Family Farmers Ask Maryland Legislators to Oppose Costly, Unneeded Air Monitoring Bill
Delmarva Poultry Industry, Inc. (DPI) members, including family farmers raising chickens, testified against Senate Bill 133 in the Maryland General Assembly, urging members of the Senate Education, Health, and Environmental Affairs Committee to vote for an unfavorable report on the legislation as written.
The bill, crossfiled in the House of Delegates as House Bill 26, would require Maryland taxpayers to finance a study determining how to monitor air emissions from 245 family farms raising animals. The bill as it is written would not actually improve public health, and it ignores all the evidence showing Eastern Shore air is clean and healthy.
DPI is also sharing with its members, with legislators, and with the public a clearinghouse of information about air quality on Maryland's Eastern Shore so Marylanders can rest assured chicken farms are completely compatible with clean, healthy air quality.
"I've spent almost every day of the past 43 years in chicken houses," said Bobbie Reed, a Caroline County family farmer. "I do appreciate the concerns that people have about health issues for them and their children, but I have yet to see any scientific evidence that chicken houses are the cause of that. As we retire, our grandson is taking over our poultry operation. I'm completely confident that we are not putting him in any danger."
"When I walk into the chicken house, if I'm not comfortable, my chickens are not comfortable," said Mary Lou Brown, who with her family owns and operates a chicken farm in Hurlock, Maryland. "I ventilate my houses very carefully and have vegetative buffers completely surrounding my chicken houses. I want to ensure the quality of life for my family and my neighbors while providing food."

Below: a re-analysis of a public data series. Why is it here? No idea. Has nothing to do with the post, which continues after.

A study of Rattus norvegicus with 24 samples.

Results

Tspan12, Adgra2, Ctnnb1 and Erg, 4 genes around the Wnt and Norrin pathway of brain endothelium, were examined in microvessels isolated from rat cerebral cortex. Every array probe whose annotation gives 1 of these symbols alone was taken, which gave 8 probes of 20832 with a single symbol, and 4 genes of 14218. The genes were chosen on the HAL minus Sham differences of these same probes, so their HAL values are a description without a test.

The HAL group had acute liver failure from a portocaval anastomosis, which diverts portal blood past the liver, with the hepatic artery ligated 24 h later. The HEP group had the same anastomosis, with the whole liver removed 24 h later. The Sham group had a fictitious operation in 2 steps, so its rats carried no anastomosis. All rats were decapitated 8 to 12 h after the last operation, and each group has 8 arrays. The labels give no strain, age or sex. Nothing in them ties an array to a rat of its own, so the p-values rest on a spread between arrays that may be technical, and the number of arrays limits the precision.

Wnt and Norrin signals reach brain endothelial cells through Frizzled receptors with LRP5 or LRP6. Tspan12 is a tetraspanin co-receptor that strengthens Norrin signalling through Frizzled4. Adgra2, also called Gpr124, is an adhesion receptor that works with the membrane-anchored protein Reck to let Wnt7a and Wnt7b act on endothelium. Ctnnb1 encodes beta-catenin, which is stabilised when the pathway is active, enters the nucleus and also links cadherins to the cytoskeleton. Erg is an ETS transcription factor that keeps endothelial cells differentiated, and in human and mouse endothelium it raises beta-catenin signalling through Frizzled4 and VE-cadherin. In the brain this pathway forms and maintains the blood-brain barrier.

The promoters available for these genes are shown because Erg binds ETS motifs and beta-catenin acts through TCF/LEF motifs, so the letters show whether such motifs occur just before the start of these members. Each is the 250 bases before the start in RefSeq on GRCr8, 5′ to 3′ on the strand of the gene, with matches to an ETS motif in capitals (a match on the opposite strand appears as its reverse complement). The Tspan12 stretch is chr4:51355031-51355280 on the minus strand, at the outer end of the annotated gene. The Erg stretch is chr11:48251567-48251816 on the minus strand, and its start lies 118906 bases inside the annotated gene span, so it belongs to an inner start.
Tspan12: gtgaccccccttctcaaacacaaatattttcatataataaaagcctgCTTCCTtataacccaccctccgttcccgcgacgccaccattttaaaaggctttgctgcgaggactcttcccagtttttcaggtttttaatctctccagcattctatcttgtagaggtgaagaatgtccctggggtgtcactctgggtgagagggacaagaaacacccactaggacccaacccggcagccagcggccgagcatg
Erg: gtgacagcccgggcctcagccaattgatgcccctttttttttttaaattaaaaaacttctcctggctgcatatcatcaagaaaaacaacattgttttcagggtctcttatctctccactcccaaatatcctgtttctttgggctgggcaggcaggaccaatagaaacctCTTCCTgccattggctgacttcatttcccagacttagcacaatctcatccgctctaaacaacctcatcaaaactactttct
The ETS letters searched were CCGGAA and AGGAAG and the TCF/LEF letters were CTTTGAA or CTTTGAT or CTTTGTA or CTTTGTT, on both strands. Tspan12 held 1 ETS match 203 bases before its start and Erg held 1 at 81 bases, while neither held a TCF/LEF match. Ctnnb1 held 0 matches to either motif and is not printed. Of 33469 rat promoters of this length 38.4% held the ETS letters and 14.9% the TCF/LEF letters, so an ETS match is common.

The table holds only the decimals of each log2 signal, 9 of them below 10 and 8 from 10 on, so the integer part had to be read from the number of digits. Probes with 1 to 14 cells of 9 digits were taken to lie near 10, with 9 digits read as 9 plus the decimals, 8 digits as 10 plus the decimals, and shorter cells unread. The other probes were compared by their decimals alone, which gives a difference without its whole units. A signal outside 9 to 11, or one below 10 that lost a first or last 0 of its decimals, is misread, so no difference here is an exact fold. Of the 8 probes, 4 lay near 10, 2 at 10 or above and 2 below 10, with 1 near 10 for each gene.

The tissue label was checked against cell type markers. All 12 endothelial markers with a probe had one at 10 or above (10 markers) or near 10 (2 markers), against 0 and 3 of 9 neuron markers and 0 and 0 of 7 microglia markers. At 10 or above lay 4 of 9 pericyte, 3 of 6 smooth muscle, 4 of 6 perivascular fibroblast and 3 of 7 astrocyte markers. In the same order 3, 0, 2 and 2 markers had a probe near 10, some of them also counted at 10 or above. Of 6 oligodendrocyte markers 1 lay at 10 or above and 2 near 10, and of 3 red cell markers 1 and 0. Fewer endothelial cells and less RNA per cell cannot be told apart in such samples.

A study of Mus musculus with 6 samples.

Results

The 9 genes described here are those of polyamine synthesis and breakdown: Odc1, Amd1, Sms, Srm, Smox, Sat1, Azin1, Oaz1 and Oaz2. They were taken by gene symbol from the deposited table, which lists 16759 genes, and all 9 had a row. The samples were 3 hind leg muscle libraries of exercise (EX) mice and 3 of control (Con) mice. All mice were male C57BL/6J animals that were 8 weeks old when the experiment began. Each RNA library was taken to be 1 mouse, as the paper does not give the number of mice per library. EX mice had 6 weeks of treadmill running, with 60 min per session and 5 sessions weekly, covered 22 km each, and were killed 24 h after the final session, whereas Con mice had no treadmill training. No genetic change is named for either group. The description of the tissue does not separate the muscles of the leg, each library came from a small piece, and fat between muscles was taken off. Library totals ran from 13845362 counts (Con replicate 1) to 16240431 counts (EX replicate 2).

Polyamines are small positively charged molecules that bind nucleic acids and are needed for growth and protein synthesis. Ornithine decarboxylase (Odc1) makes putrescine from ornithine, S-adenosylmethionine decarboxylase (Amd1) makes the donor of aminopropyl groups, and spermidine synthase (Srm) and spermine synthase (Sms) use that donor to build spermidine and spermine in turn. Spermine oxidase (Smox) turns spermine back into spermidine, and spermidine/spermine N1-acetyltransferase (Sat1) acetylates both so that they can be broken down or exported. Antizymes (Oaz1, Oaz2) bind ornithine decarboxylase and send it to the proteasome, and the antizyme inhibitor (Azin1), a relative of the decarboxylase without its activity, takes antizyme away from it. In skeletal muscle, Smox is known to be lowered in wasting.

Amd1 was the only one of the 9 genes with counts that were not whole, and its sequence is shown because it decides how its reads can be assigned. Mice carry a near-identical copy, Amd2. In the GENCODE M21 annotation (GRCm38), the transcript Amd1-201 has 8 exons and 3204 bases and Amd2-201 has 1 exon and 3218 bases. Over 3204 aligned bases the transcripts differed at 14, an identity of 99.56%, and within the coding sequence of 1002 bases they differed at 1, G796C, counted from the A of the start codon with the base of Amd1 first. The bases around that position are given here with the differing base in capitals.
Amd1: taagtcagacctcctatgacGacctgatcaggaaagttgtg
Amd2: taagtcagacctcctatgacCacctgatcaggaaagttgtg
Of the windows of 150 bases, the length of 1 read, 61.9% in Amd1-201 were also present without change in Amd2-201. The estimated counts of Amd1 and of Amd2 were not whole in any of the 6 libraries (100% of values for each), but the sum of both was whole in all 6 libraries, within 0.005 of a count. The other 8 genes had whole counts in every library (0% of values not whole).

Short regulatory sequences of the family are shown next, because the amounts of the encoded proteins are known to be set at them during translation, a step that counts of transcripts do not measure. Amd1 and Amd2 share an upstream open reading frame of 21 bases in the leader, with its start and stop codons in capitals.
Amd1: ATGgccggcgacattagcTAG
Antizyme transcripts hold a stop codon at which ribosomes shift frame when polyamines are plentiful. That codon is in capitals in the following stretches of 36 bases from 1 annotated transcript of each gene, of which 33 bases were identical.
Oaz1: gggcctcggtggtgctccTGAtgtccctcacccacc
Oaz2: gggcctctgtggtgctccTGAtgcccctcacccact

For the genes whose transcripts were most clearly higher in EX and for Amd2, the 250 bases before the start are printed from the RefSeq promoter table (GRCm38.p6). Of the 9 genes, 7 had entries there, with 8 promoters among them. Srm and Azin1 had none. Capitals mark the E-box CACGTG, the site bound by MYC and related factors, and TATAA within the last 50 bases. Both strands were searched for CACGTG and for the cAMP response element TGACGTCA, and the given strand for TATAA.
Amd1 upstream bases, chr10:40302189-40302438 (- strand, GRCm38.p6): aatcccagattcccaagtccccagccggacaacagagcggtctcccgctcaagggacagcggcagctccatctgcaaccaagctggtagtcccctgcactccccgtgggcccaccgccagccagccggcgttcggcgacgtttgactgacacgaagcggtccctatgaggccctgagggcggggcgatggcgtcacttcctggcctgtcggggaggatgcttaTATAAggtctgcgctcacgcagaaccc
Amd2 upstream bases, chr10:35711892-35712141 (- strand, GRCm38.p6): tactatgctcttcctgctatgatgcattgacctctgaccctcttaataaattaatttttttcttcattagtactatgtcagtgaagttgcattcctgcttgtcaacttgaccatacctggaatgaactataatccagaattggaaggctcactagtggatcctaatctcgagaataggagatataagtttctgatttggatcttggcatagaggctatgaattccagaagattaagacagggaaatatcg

"Long-running air quality monitoring in the heart of Delmarva's chicken-producing region shows air here is cleaner, with lower particulate levels, than the EPA's standard for particulate matter, and cleaner than air in our region's urban areas," said Holly Porter, DPI's assistant executive director. "In Wicomico County, where there are hundreds of family-owned chicken houses, the adult asthma rate is lower than the Maryland average."
"It makes no sense to have a Maryland-only system of measuring air emissions from family-owned farms because the U.S. Environmental Protection Agency is in the process of developing a detailed national protocol," said Bill Satterfield, DPI's executive director. "There is a huge cost associated with developing the protocol and using it on all large animal-feeding operations."
Bobbie Reed, who raises chickens with her family in Caroline County, Maryland.